Written by Emily Mullins
Even as temperatures in Minneapolis reach historic lows this week, the solar panels on top of Mayflower Church United Church of Christ continue to generate electricity. The Rev. Emily Goldthwaite Fries, associate minister at Mayflower UCC, thinks it's pretty amazing that her church's brand new solar panels can operate under these extreme weather conditions, and looks forward to what they'll be capable of during the warm summer months when there is no shortage of sunshine.
"If part of a panel as small as the size of a quarter is exposed, it will heat up, melt the snow and convert the sunlight into energy," said Goldthwaite Fries. "Even in 40-below temperatures and with snow on the roof, they are generating electricity now."
After five years of planning and fundraising, the solar panels on top of Mayflower UCC were installed over four weeks in November 2013 and almost immediately started turning sunlight into power. The church's 204 solar panels comprise the largest array on a religious building in the Minneapolis-St. Paul area, an accomplishment Goldthwaite Fries and her congregation are proud of. The panels will eventually produce 35 percent of the church building's electricity, and they represent an additional 15-percent reduction in the building's total carbon emissions.
Mayflower UCC became an Earthwise Congregation through the Minnesota Conference of the UCC in 2009, affirming its stance as an environmentally conscious church. In 2012, the congregation launched its Seeds of Hope campaign, with the intention to become carbon neutral through a three-phase process by 2030. The solar panel installation is a large part of the campaign's first phase. Combined with other efforts, such as the revamping of its lighting and heating systems, Mayflower UCC has so far reduced its total carbon emissions by 60 percent. Much of the Seeds of Hope campaign has been paid for through grants and incentives from state and local governments and utility company rebates. For example, after tax credits, energy credits, and rebates from the solar panel manufacturer, the $300,000 project cost Mayflower UCC just $30,000.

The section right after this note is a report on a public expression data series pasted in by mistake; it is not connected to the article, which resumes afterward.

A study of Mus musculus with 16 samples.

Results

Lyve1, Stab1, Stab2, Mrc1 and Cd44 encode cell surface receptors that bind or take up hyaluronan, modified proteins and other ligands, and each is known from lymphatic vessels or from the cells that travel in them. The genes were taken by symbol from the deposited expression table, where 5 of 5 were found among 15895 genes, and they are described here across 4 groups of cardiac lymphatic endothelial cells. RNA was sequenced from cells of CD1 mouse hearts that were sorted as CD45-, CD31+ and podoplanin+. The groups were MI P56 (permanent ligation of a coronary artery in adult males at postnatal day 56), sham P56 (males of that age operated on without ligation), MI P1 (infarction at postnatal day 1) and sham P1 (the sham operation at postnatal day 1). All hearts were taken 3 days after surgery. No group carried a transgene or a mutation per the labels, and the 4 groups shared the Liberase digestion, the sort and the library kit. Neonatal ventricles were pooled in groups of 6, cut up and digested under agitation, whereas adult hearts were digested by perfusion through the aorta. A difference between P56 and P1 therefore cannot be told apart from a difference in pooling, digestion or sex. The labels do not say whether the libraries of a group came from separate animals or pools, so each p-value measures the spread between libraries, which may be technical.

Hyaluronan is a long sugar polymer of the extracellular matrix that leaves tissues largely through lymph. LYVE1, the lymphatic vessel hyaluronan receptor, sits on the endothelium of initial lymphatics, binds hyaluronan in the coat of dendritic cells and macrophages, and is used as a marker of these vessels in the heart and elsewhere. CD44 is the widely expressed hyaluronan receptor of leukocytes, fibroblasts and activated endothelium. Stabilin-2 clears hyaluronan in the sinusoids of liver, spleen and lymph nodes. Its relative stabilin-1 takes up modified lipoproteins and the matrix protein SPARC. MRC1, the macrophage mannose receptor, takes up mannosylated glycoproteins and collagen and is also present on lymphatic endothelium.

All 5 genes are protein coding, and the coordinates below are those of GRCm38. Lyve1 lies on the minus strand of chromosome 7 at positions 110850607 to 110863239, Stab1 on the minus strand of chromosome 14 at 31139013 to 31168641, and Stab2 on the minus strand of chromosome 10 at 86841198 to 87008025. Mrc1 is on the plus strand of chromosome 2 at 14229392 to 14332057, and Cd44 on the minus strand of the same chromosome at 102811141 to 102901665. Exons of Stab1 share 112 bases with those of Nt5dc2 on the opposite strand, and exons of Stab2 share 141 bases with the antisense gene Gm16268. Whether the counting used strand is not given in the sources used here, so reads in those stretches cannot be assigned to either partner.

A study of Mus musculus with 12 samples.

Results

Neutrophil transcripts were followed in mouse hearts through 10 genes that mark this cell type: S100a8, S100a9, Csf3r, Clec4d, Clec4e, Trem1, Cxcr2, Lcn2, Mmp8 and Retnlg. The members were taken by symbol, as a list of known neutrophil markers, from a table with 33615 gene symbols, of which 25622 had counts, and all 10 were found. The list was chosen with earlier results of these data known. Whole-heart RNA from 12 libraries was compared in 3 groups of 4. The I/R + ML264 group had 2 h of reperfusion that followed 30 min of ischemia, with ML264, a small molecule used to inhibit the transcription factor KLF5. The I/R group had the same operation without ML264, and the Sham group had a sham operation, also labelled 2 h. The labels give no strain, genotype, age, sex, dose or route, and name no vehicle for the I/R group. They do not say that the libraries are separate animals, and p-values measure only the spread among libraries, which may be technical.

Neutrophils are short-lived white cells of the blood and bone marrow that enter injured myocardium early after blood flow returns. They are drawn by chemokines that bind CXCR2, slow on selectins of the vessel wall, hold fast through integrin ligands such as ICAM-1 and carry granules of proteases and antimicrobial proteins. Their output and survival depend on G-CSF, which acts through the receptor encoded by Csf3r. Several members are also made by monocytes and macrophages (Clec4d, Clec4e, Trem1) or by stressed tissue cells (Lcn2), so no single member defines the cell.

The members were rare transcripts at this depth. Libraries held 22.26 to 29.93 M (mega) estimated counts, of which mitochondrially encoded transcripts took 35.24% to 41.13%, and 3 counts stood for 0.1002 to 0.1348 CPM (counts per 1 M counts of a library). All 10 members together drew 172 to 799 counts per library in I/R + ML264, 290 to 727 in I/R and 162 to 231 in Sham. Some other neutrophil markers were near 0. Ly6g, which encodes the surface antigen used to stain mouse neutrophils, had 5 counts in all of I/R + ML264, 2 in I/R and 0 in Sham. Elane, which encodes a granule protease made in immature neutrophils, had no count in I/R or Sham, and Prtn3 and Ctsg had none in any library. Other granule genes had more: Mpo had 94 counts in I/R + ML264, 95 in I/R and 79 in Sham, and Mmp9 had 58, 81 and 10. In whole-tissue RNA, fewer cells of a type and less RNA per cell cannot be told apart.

"When people hear about this Earthwise movement, many think, 'This isn't for our church' because they think they can't afford to be more energy conscious or that it's too late. There is a lot of discouragement," Goldthwaite Fries said. "But we want to send the message that it's possible, and with incentives and partnerships, it brings it into the realm of what many churches could do."
The majority of Mayflower UCC's solar panels are located on the top of the two-story education building and aren't clearly visible to passersby. But the church purposely placed a section of panels on the front of the building in plain view. The structural steel solar canopy, designed by one of Mayflower UCC's members, is meant to be a symbol of hope, Goldthwaite Fries said, that sends the message that communities can work together to turn the effects of climate change around.
"A church can't really accomplish this by itself," she said. "It's symbolic of the message that we all have to work together to make this happen, otherwise we are all just chipping away at our own corner."